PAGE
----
Hello, I Love You. Won't You Tell Me Your Media Name?

What’s in a media or entertainment brand name? Hope for a lot more than a just quick romance. Media and entertainment brands will create some awareness, tease you a little, and then maybe slightly mislead you.

Take Warner Bros. “Going in Style,” a new theatrical film about some straight-and-narrow older guys looking for payback when their pension fund becomes a corporate casualty.

On a recent bus stop outdoor signage, you can see the film’s title a much smaller font on the bottom of the billboard. On the top, in a bigger size of the same font nnotes: “You’re Never Too Old to Get Even.” You wonder: Maybe the movie producers had some last-minute remorse when it comes to the movie’s title?

For big consumer entertainment, the aim might be to pull in the most people possible — young, old, male and female. And, of course, we know entertainment properties can offer  many different creative executions, depending on the media venue, time and place.



Another current movie, “Life,” is a scary sci-fi adventure about the first evidence of extraterrestrial life. Two decades ago, this title could easily be more of a romantic comedy, a buddy-cop film, or perhaps a nature-like story about a lovable bear, tiger… or bee.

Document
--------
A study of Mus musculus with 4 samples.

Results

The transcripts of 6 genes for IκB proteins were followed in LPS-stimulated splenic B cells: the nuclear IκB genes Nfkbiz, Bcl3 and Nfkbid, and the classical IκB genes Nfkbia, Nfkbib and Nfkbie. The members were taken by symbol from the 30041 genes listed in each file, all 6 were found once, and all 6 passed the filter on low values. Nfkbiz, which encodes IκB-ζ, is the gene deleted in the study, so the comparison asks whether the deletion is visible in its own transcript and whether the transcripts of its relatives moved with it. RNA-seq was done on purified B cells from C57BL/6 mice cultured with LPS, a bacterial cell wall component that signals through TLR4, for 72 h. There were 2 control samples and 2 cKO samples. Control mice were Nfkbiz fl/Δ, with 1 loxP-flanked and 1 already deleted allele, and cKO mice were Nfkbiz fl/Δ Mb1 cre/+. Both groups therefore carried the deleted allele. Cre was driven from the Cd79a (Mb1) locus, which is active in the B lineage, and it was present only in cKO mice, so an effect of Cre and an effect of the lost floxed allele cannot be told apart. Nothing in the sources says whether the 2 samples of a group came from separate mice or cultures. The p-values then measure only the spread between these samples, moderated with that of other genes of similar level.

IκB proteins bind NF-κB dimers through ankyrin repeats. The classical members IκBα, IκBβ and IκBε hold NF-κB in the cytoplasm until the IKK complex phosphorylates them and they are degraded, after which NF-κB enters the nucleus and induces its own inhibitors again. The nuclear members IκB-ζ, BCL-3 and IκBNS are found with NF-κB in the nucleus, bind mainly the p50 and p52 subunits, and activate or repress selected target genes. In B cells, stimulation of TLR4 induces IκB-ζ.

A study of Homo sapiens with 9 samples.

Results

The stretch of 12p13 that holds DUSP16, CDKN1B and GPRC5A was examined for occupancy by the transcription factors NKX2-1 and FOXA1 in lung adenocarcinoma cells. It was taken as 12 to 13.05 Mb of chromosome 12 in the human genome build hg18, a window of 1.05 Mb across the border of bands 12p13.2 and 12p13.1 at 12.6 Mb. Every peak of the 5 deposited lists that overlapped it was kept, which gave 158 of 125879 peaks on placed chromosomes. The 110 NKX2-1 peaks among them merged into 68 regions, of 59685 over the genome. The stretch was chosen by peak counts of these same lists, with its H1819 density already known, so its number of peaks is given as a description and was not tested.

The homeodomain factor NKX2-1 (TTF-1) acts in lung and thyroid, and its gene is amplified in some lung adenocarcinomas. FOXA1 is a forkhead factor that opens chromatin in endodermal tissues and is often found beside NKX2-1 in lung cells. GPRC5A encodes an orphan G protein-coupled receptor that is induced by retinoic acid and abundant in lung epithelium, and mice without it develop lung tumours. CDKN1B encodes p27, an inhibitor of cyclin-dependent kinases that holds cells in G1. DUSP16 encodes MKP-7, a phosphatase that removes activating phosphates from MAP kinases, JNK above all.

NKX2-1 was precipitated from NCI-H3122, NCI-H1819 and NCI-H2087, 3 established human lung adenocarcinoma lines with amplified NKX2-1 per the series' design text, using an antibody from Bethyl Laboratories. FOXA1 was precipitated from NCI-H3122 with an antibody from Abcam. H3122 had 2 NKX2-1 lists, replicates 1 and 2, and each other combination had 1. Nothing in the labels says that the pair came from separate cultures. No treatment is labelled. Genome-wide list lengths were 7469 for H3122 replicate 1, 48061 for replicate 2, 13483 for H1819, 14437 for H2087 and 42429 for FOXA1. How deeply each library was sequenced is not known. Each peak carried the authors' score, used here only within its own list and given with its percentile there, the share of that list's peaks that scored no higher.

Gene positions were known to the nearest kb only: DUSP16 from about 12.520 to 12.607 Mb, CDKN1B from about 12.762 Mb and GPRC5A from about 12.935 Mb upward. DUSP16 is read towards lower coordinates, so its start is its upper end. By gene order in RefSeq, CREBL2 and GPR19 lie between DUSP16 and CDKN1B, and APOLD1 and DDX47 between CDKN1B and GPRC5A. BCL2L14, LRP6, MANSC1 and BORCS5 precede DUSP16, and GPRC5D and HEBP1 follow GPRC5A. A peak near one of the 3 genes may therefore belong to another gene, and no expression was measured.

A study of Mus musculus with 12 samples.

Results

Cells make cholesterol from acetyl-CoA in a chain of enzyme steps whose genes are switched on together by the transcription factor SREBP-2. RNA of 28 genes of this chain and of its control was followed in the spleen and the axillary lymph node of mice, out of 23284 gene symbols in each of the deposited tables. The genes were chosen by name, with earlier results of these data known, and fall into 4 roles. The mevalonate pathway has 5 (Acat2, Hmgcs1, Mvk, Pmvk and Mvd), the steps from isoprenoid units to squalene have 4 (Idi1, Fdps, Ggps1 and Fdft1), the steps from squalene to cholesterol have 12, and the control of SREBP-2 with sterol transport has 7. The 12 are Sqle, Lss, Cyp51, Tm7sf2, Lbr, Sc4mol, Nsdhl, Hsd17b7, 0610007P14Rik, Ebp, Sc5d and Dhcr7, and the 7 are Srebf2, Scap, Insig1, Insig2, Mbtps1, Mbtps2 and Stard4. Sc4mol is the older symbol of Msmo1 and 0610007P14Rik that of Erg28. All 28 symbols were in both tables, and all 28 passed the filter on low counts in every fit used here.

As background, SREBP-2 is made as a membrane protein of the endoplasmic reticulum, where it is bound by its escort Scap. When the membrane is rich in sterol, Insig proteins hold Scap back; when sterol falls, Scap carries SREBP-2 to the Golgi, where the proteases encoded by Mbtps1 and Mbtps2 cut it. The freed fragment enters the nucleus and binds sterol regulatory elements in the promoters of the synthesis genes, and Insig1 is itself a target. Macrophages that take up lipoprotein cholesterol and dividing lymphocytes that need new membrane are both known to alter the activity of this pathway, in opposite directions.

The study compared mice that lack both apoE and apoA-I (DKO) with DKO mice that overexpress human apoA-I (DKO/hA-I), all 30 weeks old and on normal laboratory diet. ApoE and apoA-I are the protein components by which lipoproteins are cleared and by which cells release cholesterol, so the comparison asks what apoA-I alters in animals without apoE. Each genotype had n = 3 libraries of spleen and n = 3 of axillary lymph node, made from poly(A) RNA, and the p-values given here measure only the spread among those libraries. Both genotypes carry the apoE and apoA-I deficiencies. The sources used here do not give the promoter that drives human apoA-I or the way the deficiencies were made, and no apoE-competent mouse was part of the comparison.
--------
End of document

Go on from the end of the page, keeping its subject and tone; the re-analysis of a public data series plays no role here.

Back to TV: Maybe CBS’ very funny comedy “Life in Pieces” could have been a bit of horror entertainment. No sci-fi stuff here. ABC’s second season of “The Catch”? It is not about a game-winning World Series 9th inning baseball play; the show is a thriller about a successful private investigator, who is conned by her fiance.

In the digital media age — which expands entertainment and other content exponentially every day, every hour — there continues to fight for attention. TV and movie entertainment marketing professionals have their work cut out these days.

Veteran TV/media research executive Steve Sternberg has advocated for some time (as well as TV Watch) that broadcast TV networks would do well to copy their cable TV network brethren. It would allow all networks to cross-promote TV shows on each other’s airwaves — through local TV ad inventory, available promotional spots or other non-program time.

Future movie or TV program titles  -- which might describe, tease and/or be used as a tangential market tool -- would seem to carry more weight these days. Or maybe it's something else. Let's go with the idea of grabbing short-term-minded media consumers, getting what you can -- or just leaving them shrugging shoulders.